THE BLOG
05/22/2015 10:40 am ET Updated May 22, 2016

6 Lessons I've Learned While Parenting 3 Young Kids

Rachel Garlinghouse

I have three kids ages 6, 4 and 2. This statement alone should make you, dear reader, tired.

There are plenty of articles, blog posts and mom conversations about the hardships of parenting multiple young children. For certain, the hardships resonate with me: the never-ending spewing of snot and puke; sleepless nights; potty-training and binky-weaning. My BFF is a grande latte. I live in yoga pants and sport a ponytail that rivals Kimmy Gibbler's. I'm a WAHM trying to balance editors' demands, kissing boo-boos, my chronic disease and occasionally, showering.

As difficult as day-to-day life with three young kids is, I've learned some important lessons:

1. I know what matters. When I was diagnosed with a chronic disease nine years ago, I hit rock bottom. I realized that without good health and the love of my family, nothing else would align or succeed. When my children were born, I became aware of how much they needed me to be happy, healthy and present. They depended on me to meet their physical and emotional needs and without prioritizing my health, I couldn't be the mom they needed. Since my diagnosis, I have grasped unwaveringly to what I know matters. Having a firm focus has helped me decide what to say "yes" or "no" to in life.

2. I say "no" often (and don't feel guilty). I simply do not have time (or the desire) to do everything that every person asks of me. With each additional child, I've found more and more pleasure (yes, pleasure) in saying "no" to the things that do not match up with my priorities. I have no desire to "do it all," because the moms I know who always say yes are depleted and miserable (and complain about being depleted and miserable!). I do not volunteer for every single class party. I don't join organizations or committees that I'm not passionate about. I can tell my children they cannot enroll in five after-school activities due to the time commitment and expense. For me, saying "no" is often far healthier than saying "yes."

3. I value my spouse. My husband and I were married five years before our first child arrived. Pre-kids, we slept in every Saturday morning, took long road trips across the United States and watched R-rated movies. Once our children arrived, every decision had to be made with their needs in mind, and our desires for sleep, sex and unhealthy snacks gradually moved toward the back burner. Now, we can't leave the house with any fewer than three bags full of food, toys, extra clothing and a case of wipes. We schedule our once-a-month date nights from 5:00-7:00 p.m. so we can be home to put the kids to bed. (I would never, ever ask a sitter to put my three children to bed. I need those sitters, desperately.) We are an imperfect team, but we are a team. My respect for my husband and my appreciation for our union is stronger than ever before.

4. I've lowered my expectations. Once upon a time, I was punctual, organized and driven (to the point of anxiety). I would easily become unglued if things didn't go according to my carefully-laid plans. Nothing shatters a Type A personality like having children. 90% of the time, nothing goes according to plan. When trying to leave the house, one of my three will inevitably throw a tantrum, decide it's an ideal opportunity to to poop or, on cue, start puking. We cancel 50% of playdates. All plans are tentative until we arrive (or not) at our destination. Lowering my expectations has saved me so much disappointment and frustration. Go with the flow, bend with the wind and just see what happens!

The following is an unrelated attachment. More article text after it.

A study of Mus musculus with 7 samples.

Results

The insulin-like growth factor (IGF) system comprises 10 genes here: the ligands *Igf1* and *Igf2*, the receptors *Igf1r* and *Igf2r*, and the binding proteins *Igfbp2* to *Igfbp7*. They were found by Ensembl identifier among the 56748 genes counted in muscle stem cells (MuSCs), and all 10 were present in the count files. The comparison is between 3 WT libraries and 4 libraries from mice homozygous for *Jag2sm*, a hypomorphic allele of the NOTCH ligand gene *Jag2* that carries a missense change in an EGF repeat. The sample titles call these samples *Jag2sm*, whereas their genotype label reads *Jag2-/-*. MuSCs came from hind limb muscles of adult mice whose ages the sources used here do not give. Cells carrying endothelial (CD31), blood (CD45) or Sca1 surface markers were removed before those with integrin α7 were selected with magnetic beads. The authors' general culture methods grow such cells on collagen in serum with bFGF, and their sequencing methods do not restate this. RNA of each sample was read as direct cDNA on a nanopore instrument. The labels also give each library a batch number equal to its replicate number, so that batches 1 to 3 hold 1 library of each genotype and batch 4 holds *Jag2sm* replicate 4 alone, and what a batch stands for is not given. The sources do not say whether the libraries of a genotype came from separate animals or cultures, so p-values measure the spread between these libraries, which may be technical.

5. I find joy in simplicity. During the first years of wedded bliss, before we had kids, we dreamed of buying a house and going on exotic vacations. We worked hard to climb our individual career ladders. With each passing year, we accomplished our goals, but we weren't necessarily happier just because we were making more money and owning more "stuff." My kids, on the contrary, need very little to be happy. They find pleasure in going on a walk to find acorns, eating an occasional sprinkle donut, splashing in a puddle, flushing the toilet 20 times in a row or drawing a picture. A tickle, high-five or hug from me brings them immense pleasure. Watching my children blossom and being part of their daily relishing in the seemingly smallest of occurrences has re-introduced me to the beauty of simple pleasures.

6. I realize and respect my own strength. Like many first-time moms, I was overwhelmed with the choices and responsibilities that came with raising a small human into a healthy, responsible adult. There were so many decisions to make regarding diapers, schooling and much more. Which parenting style is best? What about discipline? How do I balance my marriage with child-rearing and working and managing my disease? As my years as a mom flew by and we added more children to our family, I realized how much I could endure: sick days, tantrums, dull seasons in marriage, career changes, buying a house and moving with young kids. I am stronger and more capable to overcome challenges than ever before.